As Mexican and other Latin American dog and cat food markets continue to grow and embrace premium and superpremium pet foods, many of the ingredients used in those foods are no strangers to the lands where Native Americans first domesticated them. These three common kibble components have Latin American roots.
One of the most widely grown and productive crops, corn (Zea mays mays), likely started as little-finger-sized cobs of teosinte in southern Mexico. Over the centuries, Native American farmers transformed the tiny cobs into a crop that spread throughout the Western Hemisphere and fueled mighty empires.
Despite marketing claims that reject corn in dog and cat foods, researchers have found evidence that both dogs and cats can digest corn, especially in extruded pet foods, as Ryan Yamka, PhD, pointed out in his Petfood Industry blog.
While corn may lack the essential amino acids lysine, methionine and tryptophan, that’s no reason to reject it as a pet food ingredient, wrote Greg Aldrich, PhD, in his Ingredient Issues column. Especially when corn is combined with beans, another crop developed by Native Americans.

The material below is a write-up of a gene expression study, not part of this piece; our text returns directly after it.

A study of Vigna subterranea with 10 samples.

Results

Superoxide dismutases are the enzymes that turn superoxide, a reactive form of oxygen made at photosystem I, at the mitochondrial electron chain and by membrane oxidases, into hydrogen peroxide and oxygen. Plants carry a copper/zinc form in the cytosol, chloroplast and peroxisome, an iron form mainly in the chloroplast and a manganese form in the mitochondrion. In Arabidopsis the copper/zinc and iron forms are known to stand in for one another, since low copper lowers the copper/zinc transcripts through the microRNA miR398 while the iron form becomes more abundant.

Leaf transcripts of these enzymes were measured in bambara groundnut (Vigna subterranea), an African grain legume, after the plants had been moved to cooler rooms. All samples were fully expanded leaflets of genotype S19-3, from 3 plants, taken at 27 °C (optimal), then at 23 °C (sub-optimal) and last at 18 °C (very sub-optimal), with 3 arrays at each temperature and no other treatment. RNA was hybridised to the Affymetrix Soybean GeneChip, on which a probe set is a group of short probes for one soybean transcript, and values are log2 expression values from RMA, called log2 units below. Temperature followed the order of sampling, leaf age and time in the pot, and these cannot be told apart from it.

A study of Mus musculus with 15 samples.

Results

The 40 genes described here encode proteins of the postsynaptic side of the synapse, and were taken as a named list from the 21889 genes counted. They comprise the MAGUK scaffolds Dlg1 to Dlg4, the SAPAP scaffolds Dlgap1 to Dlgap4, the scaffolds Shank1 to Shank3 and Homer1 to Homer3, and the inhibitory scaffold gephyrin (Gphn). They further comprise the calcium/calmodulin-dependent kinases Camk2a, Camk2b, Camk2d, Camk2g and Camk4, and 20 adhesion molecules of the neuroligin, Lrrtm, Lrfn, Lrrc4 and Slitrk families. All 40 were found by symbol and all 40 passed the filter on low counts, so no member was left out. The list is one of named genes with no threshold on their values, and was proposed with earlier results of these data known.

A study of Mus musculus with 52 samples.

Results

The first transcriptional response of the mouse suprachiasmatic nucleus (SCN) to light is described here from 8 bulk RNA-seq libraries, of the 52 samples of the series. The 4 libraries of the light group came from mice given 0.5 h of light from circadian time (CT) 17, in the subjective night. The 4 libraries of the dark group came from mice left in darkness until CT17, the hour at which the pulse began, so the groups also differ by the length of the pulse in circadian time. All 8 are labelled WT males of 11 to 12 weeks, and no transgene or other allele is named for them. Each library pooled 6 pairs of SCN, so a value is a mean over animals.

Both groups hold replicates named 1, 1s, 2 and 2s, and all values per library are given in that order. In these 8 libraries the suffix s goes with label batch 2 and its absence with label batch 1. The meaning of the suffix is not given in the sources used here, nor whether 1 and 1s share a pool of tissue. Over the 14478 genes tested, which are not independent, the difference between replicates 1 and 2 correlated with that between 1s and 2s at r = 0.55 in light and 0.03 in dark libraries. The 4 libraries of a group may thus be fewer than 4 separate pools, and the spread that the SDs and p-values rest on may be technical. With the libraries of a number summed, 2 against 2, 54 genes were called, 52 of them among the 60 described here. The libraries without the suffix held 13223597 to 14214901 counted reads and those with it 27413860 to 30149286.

Beans provide the essential amino acids that corn lacks. Domesticated beans, in the genus Phaseolus, were first cultivated in South America, according to genetic analysis published in Genome Biology. By the time of the Spanish invasion, Native American farmers had developed bean varieties that thrived from the tropics to what is now Canada.
As a pet food ingredient, beans can serve as a safe and digestible functional ingredient in weight-loss dog food formulas, according to research published in the Journal of Applied Animal Nutrition. Other research has found beans to be safe and nutritious in standard dog food as well.
Although their name suggests an origin in Anatolia, domesticated turkeys (Meleagris gallopavo) originated in what is now Mexico. The English may have confused turkeys with guinea fowl imported from Turkey, or named the birds after the Ottoman Empire’s merchants who peddled them, reported NPR, hence the misleading name.
Pet food buyers tend to project their own perceptions of turkey as a healthy meat onto pet foods that contain this lean protein source, wrote Aldrich. The turkey meat used as a pet food ingredient is virtually identical to that used in hot dog production, so the nutrient information is relatively similar.